Experiencing Classrooms

“The block is halfway over” says Kathy as she starts Wednesday’s class. I am taken aback, it feels as if the class just started and now we are closer to the end than the beginning. The week was a whirlwind of 4th grade class observations and discussions. Monday and Wednesday were typical days in a CC class. We discussed our readings on what it means to be a teacher and debriefed our observation days. In a class of 8 students, there is no room to hide and not participate in the discussions. Tuesday and Thursday were spent in our K-12 observation classrooms. I am observing different 4th grade classes at a local elementary school. Everyday we have observation forms we fill out to turn into our teacher. They ask us to observe certain things about the class like interactions between kids and their attention or the decorations in the classroom. It focused our attention to not just what is being taught but to how the classroom is working. For me, it helps to understand the dynamics that make teaching difficult or easier. Lately, I have been reflecting on my time in K-12 also and how I contributed to a focused learning environment or annoyed my teachers.

I love this class for multiple reasons, but the main reason is because we are learning through experience. Spending over 12 hours in a classroom studying what a teacher does to control a classroom and how students contribute to a classroom’s culture is so special. I am able to connect our 3 hour discussions to the real world. One of my classmates is observing in a highschool and he is able to work with students as well as observe. Being in a classroom means we are interacting with students in the Colorado Springs community also. Sometimes Colorado College can feel like a bubble but the college creates opportunities and classes where students can be part of the Springs. For me, I spend significant time talking to my host teachers and asking about the dynamics of the school. Culturally and socio-economically, my school’s makeup is so much different than my friend’s school a mile away. I am grateful to be in this class doing such a cool immersive program and also being able to learn more about the city I am going to be living in for 4 years.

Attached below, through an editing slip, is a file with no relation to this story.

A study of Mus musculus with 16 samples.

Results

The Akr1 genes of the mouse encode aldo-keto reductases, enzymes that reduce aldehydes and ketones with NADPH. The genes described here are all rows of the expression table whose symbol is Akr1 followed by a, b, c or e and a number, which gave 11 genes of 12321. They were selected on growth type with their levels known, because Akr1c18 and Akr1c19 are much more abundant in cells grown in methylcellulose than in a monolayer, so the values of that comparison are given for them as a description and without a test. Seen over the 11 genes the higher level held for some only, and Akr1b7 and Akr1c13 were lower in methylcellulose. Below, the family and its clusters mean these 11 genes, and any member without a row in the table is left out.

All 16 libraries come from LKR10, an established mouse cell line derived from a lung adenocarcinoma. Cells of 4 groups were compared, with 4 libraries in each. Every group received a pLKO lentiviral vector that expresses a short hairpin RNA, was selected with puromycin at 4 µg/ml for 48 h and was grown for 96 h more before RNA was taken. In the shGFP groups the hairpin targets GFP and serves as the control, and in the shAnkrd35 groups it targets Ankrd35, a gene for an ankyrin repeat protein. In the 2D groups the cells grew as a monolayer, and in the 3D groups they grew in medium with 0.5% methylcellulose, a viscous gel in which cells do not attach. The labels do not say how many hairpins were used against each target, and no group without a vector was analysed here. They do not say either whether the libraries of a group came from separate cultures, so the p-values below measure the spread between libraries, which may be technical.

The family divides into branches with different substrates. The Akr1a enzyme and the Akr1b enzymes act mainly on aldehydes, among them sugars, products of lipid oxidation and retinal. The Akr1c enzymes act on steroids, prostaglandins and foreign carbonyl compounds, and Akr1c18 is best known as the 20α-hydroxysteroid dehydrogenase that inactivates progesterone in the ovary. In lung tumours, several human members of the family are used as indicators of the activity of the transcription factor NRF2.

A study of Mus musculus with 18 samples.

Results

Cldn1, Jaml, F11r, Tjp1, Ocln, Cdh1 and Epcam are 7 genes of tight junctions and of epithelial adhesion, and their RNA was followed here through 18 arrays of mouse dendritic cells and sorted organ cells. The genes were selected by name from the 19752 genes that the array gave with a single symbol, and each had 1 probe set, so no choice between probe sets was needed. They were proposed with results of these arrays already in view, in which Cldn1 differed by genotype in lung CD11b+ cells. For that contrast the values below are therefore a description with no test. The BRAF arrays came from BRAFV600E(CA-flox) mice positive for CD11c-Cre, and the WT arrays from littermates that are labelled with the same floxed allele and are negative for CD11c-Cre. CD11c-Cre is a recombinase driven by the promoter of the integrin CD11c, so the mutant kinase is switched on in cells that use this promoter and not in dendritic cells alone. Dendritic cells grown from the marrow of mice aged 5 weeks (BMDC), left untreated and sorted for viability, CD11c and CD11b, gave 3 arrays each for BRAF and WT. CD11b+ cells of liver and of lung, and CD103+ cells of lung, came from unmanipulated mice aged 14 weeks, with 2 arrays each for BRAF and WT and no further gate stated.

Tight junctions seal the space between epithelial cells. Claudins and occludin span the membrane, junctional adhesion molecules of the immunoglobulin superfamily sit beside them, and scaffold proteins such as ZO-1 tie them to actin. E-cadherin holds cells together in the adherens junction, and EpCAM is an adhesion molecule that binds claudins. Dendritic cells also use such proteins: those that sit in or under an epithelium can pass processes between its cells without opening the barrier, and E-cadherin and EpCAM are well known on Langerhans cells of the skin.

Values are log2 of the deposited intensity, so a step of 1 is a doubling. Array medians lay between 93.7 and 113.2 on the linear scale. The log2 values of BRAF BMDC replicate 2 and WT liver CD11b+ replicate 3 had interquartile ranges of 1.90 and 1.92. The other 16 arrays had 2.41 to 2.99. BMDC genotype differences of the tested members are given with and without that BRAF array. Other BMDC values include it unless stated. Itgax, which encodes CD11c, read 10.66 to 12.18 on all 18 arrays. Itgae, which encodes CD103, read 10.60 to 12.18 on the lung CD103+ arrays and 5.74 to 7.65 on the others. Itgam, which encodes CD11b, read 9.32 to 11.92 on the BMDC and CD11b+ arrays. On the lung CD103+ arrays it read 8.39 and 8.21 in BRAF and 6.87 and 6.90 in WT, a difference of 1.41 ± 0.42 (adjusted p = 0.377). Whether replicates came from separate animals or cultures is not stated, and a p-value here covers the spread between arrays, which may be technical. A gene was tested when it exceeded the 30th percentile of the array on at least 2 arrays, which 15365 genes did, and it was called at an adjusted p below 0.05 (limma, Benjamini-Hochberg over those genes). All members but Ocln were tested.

Friday was one of the best days of class this block. We went on a field trip to the Manitou Springs middle school to see their farm program there. The program was created by Barack Ben Amots, son of a music teacher at CC. 24 students at the middle school can take the farm class for their language arts class and they spend 3 hours before lunch learning in a classroom then doing work on the farm. They take care of the goats, build structures, or can read or write around the farm. It is a way for kids at the school to learn in an experiential setting and get outside. Talking to the students they said they like the farm because they do not have to be in a classroom all day and they are able to choose how they want to spend their time. They are encouraged to read and write if they do not want to do manual labor that day. The most incredible part for me was that they work on their teamwork and interpersonal skills also. For example, they do baskets where they gather in a group and either say what they are grateful for or what is making them sad that day and the group maintains an open communication about how they are feeling. I wish I had this program when I was in middle school for it would have helped me with friendships and also be more engaged in my learning.

I am grateful to be at CC receiving this experiential education now. Being able to see how the Colorado Springs community works and how reading relates to the real world is a special way that the block plans lets students learn outside of the classroom.